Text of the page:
A small group of about eight GNS members gathered for the first field meeting of the new year at Ashleworth Ham on Sunday 9 January 2022, in bright fine conditions, after a light early frost. The Gloucestershire Wildlife Trust reserve of Ashleworth Ham comprises the lowest area of flood meadows on the west bank of the Severn and surrounding fields and hedges, and has always flooded when the Severn is high, attracting good numbers of wintering waterbirds. for which Ashleworth and Hasfield Hams are designated as a Site of Special Scientific Interest. (Its old name “The Duckeries” reflects its former status as the hunting ground of the Hasfield Estate). The Severn at Haw Bridge reached a peak of over 10 metres on 27 December, not high enough for the river to overtop its flood-bank, but high enough to prevent local tributaries from discharging into the Severn, so that they back up and flood Ashleworth Ham. (‘Ham’ is a word of Anglo-Saxon origin, meaning a riverside hay meadow that may flood in winter). On the day of the GNS field meeting, water levels on the reserve were fairly high, perhaps a little too high for surface-feeding ducks to feed comfortably, but not enough to spill over onto the road, which happens when the Severn breaks its banks.
The main aim of the meeting was to look for waterbirds, but these were eclipsed, right at the beginning of the session, by the sight of three otters in the floodwater. Otter spraints and footprints are often found in the Severn Vale nowadays, but it is rare to have such good views of these extremely sleek and elegant creatures; they swam and played for several minutes in full view, so that their graceful shape, almost recalling a porpoise could be well seen. These were probably the same three individuals seen and photographed here in December by John Fletcher.
The usual ducks were present, but numbers were difficult to gauge, as many were hidden in the thicker vegetation under the ancient willows: roughly 200 Wigeon, 300 Teal, 4 Gadwall, 100 Mallard, at least 5 Pintail, 10 Shoveler; the Teal and Wigeon calling loudly. In the old days Bewick’s Swans and White-fronted Geese regularly came up from Slimbridge to Ashleworth and other flood meadows (the “Severn Hams”) at time of flood, but with the decrease of both species on the estuary, sightings have been rare in the Hams in recent years. Instead, the wintering goose population is now made up mainly of feral Greylag and Canada Geese, occurring in some numbers (at times over a thousand) and making an impressive spectacle with the sound of their calls and wingbeats, as they move between the water and grazing areas. At Ashleworth the greatest numbers of geese are found at dawn and dusk when they come in to roost, but one sizeable group of just over 100 Greylags was grazing on a grass ley (not very popular with the farmer!). Closer examination showed that one Greylag had a fair extent of white feathering on its crown and forehead, which might have made a casual observer mistake it for a Whitefront, but it wasn’t, just a Greylag a heavy orange bill and white on the head. However there was also a genuine Whitefront in the flock, much smaller than the Greylags and with a clearly demarcated white patch on its forehead, rather than a white smear all over the front of the crown; it had little or no barring on the breast and may have been the one that has been seen of late at the GWT reserve at Coombe Hill, only a few miles away as the goose flies. The Greylag flock also held an unusual hybrid, a cross between a Grey and a Swan Goose, a huge beast with a massive bill and a dark streak along its crown and nape betraying its Swan Goose ancestry. These hybrids stand out and are useful markers, making it possible to follow the movements of goose flocks: this one had been seen in previous winters, and was noted at Ripple Lake, just up the Severn between Tewkesbury and Upton, in October last; at that time there was little or no floodwater, so the birds stayed mainly at Ripple; now, with more water at Ashleworth, they have moved downstream.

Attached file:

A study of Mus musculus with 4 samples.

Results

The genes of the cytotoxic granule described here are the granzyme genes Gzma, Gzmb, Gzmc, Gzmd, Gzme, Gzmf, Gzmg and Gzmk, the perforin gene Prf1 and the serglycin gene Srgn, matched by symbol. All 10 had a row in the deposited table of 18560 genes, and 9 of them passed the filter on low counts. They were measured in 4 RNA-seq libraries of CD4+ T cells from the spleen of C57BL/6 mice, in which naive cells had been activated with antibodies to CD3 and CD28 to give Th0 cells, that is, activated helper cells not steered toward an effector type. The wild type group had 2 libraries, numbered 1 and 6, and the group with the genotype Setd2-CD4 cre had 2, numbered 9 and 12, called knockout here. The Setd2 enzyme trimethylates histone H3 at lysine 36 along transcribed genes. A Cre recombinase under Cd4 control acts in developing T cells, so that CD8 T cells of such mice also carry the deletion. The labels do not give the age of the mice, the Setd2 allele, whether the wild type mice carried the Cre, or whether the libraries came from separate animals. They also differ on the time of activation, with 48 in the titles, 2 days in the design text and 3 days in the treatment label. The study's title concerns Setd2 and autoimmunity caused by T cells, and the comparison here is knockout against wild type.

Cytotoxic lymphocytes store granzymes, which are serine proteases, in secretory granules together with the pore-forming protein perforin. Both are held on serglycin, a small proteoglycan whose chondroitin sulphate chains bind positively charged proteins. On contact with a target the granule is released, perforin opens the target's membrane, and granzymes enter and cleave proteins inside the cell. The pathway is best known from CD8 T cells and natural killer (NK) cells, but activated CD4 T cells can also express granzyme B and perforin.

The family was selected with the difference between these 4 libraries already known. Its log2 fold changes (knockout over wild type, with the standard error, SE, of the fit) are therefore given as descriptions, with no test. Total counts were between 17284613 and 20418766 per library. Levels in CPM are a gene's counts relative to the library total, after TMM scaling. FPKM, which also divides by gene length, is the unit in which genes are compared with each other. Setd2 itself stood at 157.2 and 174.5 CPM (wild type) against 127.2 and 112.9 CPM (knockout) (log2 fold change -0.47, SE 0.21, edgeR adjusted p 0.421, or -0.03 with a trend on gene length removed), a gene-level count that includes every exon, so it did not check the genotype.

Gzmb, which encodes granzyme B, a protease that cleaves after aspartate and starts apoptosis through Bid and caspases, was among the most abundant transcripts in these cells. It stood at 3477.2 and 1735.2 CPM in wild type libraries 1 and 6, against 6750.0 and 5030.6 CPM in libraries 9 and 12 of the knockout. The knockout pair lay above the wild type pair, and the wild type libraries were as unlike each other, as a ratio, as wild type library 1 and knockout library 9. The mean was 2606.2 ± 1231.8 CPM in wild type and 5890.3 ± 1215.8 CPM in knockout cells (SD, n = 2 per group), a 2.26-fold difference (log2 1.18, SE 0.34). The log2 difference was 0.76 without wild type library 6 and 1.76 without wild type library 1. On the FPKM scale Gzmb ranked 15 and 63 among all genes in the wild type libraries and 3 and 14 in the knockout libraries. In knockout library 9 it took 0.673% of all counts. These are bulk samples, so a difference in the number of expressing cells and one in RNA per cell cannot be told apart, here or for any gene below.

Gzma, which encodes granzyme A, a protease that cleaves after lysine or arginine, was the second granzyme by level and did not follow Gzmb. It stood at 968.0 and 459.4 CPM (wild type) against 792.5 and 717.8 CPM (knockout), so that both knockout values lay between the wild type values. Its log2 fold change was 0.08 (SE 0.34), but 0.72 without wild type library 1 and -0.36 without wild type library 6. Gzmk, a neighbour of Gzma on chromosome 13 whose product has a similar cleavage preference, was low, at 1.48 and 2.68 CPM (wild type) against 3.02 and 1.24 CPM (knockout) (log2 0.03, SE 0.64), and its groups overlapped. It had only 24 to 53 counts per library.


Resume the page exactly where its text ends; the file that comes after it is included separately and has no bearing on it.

Other waterbirds present included a small flock of perhaps 50 Lapwings (at the height of the flood in late December there had been 1,500 at nearby Longdon Marsh), and about 15 Snipe, most of them resting by day in the long damp vegetation, and waiting for dark when they fly out from their daytime roosts to feed with their extremely long bills in soft ground around the reserve. Some passerines also appeared in the hedges and willow pollards: Robins and Dunnocks, singing and defending territories already; a male Stonechat in the long dead Reed Canary Grass (probably with his mate nearby, since they remain in pairs in winter, though we could not find her), and a flock of a hundred wintering Redwings and Fieldfares, looking for invertebrates in the long grass, then flying up into the hedges as we approached. And surveying all from a discreet distance were two raptors, a Peregrine on the electric pylon and a Buzzard on a fence post.
The final observation was of two hares, now happily a relatively frequent sighting in this characteristic Gloucestershire Severn landscape of flooded hay meadows bordered by hedges of hawthorn with the occasional oak and many ancient, twisted crack willows (the Latin name is curiously Salix fragilis – they look anything but fragile with their boles appearing for all the world like Mediterranean olive trees).